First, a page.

Shares in chipmaker AMD rose nearly 10 percent after it beat Wall Street forecasts and upgraded its outlook.
With the company’s Ryzen CPUs for desktop PCs proving popular with gamers, and its Vega GPUs finding success with cryptocurrency miners, earnings were up and AMD’s quarterly losses dropped sharply. While these results proved enticing to traders, another reason for the surging share price is a belief that the recently-launched Epyc server chip will provide a whole new revenue stream.
Gaming and Ethereum mining
AMD saw its second-quarter revenues rise by 19 percent to $1.22bn, higher than the $1.16bn predicted by analysts, and 24 percent above the results it published the year before. The company still made a loss, however, losing $16m on a GAAP basis.
The Computing and Graphics division saw revenues increase 51 percent to $659m. It made $7m in operating income - the group’s first quarterly profit in three years and a huge improvement over last year’s $81m loss.
Ryzen proved particularly popular with gamers, while “demand for Radeon RX GPUs was strong in the quarter, driven by gaming and cryptocurrency mining,” CEO Dr Lisa Su said in an earnings call (transcribed by Seeking Alpha).
The company expects third-quarter revenues to grow further, saying in a statement: “AMD now expects annual revenue to increase by a mid to high-teens percentage, compared to prior guidance of low double digit percentage revenue growth.”
As for data centers, Epyc’s release was too late to figure in the results, but AMD was keen to tout its latest product.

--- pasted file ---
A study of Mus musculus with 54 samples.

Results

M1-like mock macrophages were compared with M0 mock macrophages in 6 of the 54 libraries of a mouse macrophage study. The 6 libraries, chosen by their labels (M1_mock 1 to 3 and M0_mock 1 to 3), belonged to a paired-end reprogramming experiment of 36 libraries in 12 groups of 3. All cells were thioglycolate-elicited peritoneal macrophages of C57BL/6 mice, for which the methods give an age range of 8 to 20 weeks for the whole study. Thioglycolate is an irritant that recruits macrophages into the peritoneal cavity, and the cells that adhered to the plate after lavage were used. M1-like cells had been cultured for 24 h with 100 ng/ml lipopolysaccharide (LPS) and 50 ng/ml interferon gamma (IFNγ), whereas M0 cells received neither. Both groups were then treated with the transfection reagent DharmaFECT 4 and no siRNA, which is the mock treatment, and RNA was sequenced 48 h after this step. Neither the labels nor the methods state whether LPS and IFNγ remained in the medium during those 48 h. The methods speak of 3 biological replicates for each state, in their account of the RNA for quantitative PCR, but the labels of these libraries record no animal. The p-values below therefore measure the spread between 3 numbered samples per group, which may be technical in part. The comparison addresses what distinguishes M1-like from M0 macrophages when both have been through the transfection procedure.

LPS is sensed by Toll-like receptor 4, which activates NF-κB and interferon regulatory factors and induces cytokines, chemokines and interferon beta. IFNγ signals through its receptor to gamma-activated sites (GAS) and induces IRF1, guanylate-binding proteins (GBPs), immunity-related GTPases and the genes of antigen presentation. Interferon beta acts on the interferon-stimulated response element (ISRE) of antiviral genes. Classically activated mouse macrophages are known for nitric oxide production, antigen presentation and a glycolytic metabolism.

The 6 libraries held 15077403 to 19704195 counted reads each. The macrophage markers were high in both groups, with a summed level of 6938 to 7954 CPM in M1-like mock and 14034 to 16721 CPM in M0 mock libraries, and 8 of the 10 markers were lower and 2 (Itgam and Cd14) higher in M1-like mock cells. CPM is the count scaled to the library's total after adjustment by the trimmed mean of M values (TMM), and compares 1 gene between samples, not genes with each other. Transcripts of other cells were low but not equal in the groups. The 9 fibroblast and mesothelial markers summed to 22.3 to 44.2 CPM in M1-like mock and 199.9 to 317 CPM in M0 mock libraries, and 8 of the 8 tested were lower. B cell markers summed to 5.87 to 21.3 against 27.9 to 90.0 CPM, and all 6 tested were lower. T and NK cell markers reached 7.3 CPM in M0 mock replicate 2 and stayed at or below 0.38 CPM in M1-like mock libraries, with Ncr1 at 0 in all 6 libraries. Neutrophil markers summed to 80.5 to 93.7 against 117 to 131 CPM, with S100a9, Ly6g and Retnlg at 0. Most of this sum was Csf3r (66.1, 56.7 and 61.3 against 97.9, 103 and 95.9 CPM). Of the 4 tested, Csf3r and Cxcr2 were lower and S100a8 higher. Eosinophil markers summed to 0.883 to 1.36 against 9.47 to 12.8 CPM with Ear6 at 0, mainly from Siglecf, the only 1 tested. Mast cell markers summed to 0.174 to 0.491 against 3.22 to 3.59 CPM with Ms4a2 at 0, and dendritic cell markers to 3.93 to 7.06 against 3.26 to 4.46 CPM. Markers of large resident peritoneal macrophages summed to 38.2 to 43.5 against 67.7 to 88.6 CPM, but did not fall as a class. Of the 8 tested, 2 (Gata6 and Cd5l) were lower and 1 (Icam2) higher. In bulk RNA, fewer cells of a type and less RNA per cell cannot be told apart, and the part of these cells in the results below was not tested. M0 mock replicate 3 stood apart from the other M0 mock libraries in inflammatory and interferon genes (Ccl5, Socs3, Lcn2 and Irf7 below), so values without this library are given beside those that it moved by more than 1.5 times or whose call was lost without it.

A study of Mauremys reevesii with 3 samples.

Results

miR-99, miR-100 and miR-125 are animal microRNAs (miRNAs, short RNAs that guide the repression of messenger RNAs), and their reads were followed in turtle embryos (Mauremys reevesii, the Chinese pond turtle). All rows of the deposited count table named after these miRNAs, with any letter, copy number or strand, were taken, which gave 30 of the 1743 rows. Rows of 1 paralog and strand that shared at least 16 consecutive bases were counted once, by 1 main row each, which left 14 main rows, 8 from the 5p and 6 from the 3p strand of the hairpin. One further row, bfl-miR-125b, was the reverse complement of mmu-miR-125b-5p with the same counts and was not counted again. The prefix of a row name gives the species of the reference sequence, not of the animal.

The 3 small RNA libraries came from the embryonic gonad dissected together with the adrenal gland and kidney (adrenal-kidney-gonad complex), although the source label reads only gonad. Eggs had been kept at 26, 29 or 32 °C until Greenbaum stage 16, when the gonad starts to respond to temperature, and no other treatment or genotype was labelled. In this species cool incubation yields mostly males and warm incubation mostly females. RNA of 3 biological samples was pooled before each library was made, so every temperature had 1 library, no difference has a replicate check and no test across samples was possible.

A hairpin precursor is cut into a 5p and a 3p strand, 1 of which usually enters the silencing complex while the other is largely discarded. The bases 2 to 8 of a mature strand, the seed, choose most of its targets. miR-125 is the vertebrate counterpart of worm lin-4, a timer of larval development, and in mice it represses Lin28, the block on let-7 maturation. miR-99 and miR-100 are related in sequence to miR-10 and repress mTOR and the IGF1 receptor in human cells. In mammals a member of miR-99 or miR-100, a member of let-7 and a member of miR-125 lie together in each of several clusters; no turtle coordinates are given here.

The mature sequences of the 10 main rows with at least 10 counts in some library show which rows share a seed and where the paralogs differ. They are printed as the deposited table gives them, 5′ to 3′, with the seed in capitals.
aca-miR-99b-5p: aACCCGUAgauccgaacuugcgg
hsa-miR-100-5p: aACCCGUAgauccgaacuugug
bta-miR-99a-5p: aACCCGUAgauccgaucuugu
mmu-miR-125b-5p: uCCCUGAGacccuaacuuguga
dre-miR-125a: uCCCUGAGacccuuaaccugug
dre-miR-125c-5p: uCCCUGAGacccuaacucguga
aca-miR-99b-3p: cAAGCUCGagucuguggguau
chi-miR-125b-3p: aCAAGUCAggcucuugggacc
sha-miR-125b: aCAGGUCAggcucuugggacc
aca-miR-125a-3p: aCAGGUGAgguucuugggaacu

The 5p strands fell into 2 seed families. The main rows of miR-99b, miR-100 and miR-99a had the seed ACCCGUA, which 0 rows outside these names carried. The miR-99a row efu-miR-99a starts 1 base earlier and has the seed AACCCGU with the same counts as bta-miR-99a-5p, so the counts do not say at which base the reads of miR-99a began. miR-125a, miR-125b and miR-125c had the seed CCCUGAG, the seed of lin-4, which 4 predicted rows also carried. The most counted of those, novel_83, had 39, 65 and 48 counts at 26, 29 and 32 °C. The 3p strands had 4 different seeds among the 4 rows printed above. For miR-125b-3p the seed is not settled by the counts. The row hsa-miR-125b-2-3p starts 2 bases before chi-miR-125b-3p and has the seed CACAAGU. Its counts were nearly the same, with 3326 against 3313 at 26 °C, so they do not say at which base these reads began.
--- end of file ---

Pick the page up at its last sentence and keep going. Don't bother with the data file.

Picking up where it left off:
Su said: “With the strong global ecosystem and customer interest we have built around our Epyc processor family, we are on track to reenter the data center market in a major way.
She added: “In terms of what to expect in the revenue ramp, we started shipping early volume in the second half of June. We would expect that we continue to ramp that revenue through the second half of the year. We would expect some additional customer announcements in the second half of the year.
“And then as we stated with both cloud and the enterprise accounts, depending on their qualification cycles, it can take anywhere up to four quarters to qualify the parts. But so far so good. I think very good traction, and we continue to lean in hard on the data center opportunities.”
For more on AMD, Epyc and the fight for the server market, be sure to subscribe to the magazine. In our next issue we talk to Dr Lisa Su, as well as profile the market leader - Intel.